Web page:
Regulators Knew Of Seismic Risks To Nuclear Plants For Years - Spokane, North Idaho News & Weather KHQ.com

Regulators Knew Of Seismic Risks To Nuclear Plants For Years

HUFFINGTONPOST.COM - Nearly six years before an earthquake ravaged Japan's Fukushima Daiichi nuclear power plant, U.S. regulators came to a sobering realization: seismic risks to nuclear plants in the eastern two-thirds of the country were greater than had been suspected, and engineers might have to rethink reactor designs.

Thus began a little-noticed risk assessment process with far-reaching implications despite its innocuous-sounding name: Generic Issue 199. The process, which was supposed to have been finished nearly a year ago, is still under way. It is unclear when it will be completed.GI-199, as it is known, was triggered by new geophysical data and computer models showing that, as the Nuclear Regulatory Commission put it in an August 2010 summary document, "estimates of the potential for earthquake hazards for some nuclear power plants in the Central and Eastern United States may be larger than previous estimates."

Data from the U.S. Geological Survey and other sources suggest, for example, that "the rate of earthquake occurrence … is greater than previously recognized" in eastern Tennessee and areas including Charleston, S.C., and New Madrid, Mo., according to the NRC document. There are 11 reactors in Tennessee, South Carolina and Missouri.

GI-199, a collaborative effort between the NRC and the nuclear industry, has taken on new urgency in light of the crisis in Japan. "Updated estimates of seismic hazard values at some of the sites could potentially exceed the design basis" for the plants, the NRC document says.

NRC spokesman Roger Hannah said the exercise was never meant to provide "a definitive estimate of plant-specific seismic risk." Rather, he said, it was done to see if certain plants "warranted some sort of further scrutiny. It indicates which plants we may want to look at more carefully in terms of actual core damage risk."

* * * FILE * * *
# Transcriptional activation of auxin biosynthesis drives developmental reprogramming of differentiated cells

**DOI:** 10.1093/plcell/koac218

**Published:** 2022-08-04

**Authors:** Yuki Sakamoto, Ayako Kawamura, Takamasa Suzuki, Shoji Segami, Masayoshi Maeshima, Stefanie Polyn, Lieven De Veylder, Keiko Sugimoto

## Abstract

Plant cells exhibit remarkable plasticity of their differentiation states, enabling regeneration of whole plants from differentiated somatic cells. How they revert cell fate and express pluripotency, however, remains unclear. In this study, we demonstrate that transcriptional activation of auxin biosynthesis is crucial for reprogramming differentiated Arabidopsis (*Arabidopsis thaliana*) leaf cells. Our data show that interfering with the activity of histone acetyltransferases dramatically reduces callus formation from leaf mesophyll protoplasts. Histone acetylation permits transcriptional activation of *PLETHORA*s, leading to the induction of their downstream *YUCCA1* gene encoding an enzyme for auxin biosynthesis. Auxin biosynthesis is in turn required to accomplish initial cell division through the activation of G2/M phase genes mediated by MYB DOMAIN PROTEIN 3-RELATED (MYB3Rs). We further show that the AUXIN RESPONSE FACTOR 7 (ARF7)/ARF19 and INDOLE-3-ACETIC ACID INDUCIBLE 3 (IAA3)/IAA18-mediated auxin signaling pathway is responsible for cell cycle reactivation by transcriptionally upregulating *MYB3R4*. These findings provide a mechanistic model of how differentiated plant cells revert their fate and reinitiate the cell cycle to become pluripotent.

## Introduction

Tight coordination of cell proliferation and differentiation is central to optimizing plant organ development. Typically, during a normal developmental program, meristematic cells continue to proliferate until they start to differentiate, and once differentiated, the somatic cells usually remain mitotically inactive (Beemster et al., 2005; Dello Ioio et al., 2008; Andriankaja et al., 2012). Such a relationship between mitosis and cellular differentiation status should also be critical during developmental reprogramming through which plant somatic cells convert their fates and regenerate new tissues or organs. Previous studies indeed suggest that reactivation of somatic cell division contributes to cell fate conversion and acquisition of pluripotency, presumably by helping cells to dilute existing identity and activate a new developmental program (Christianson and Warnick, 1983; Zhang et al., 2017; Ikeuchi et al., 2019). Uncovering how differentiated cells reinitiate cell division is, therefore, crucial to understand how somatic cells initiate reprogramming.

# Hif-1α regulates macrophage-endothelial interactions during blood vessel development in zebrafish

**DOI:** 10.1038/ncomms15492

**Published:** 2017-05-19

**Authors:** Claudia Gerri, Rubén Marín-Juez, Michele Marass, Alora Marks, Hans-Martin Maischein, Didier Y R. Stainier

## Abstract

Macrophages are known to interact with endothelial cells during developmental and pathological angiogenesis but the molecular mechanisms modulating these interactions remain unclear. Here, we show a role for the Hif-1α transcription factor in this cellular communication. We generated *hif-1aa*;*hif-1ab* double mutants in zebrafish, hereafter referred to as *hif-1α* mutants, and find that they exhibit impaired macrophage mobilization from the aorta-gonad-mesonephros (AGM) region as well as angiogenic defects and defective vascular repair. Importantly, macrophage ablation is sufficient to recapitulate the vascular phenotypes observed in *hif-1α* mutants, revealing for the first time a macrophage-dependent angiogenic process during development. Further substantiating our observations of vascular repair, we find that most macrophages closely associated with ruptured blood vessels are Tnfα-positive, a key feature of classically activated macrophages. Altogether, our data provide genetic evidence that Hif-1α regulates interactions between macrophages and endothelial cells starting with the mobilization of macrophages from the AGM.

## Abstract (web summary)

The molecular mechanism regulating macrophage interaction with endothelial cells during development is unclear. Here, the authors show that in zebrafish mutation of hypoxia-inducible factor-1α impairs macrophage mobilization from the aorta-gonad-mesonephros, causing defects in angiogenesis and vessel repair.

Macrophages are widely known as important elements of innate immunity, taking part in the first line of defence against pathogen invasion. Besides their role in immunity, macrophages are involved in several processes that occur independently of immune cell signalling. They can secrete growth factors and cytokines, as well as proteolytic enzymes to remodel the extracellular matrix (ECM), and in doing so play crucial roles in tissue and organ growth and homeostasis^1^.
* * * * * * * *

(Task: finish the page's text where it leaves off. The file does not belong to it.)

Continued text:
The information collected under GI-199 has been shared with operators of all 104 reactors at 64 sites in the U.S., Hannah said, and NRC officials are in the process of determining whether any plants require retrofits to enhance safety. He added that the assessment indicated "no need for any immediate action. The currently operating plants are all safe from a seismic standpoint."

Nearly six years before an earthquake ravaged Japan's Fukushima Daiichi nuclear power plant, U.S. regulators came to a sobering realization: seismic risks to nuclear plants in the eastern two-thirds of the country were greater than had been suspected, and engineers might have to rethink reactor designs.

Thus began a little-noticed risk assessment process with far-reaching implications despite its innocuous-sounding name: Generic Issue 199. The process, which was supposed to have been finished nearly a year ago, is still under way. It is unclear when it will be completed.GI-199, as it is known, was triggered by new geophysical data and computer models showing that, as the Nuclear Regulatory Commission put it in an August 2010 summary document, "estimates of the potential for earthquake hazards for some nuclear power plants in the Central and Eastern United States may be larger than previous estimates."

Data from the U.S. Geological Survey and other sources suggest, for example, that "the rate of earthquake occurrence … is greater than previously recognized" in eastern Tennessee and areas including Charleston, S.C., and New Madrid, Mo., according to the NRC document. There are 11 reactors in Tennessee, South Carolina and Missouri.

GI-199, a collaborative effort between the NRC and the nuclear industry, has taken on new urgency in light of the crisis in Japan. "Updated estimates of seismic hazard values at some of the sites could potentially exceed the design basis" for the plants, the NRC document says.

NRC spokesman Roger Hannah said the exercise was never meant to provide "a definitive estimate of plant-specific seismic risk." Rather, he said, it was done to see if certain plants "warranted some sort of further scrutiny. It indicates which plants we may want to look at more carefully in terms of actual core damage risk."

The information collected under GI-199 has been shared with operators of all 104 reactors at 64 sites in the U.S., Hannah said, and NRC officials are in the process of determining whether any plants require retrofits to enhance safety. He added that the assessment indicated "no need for any immediate action. The currently operating plants are all safe from a seismic standpoint."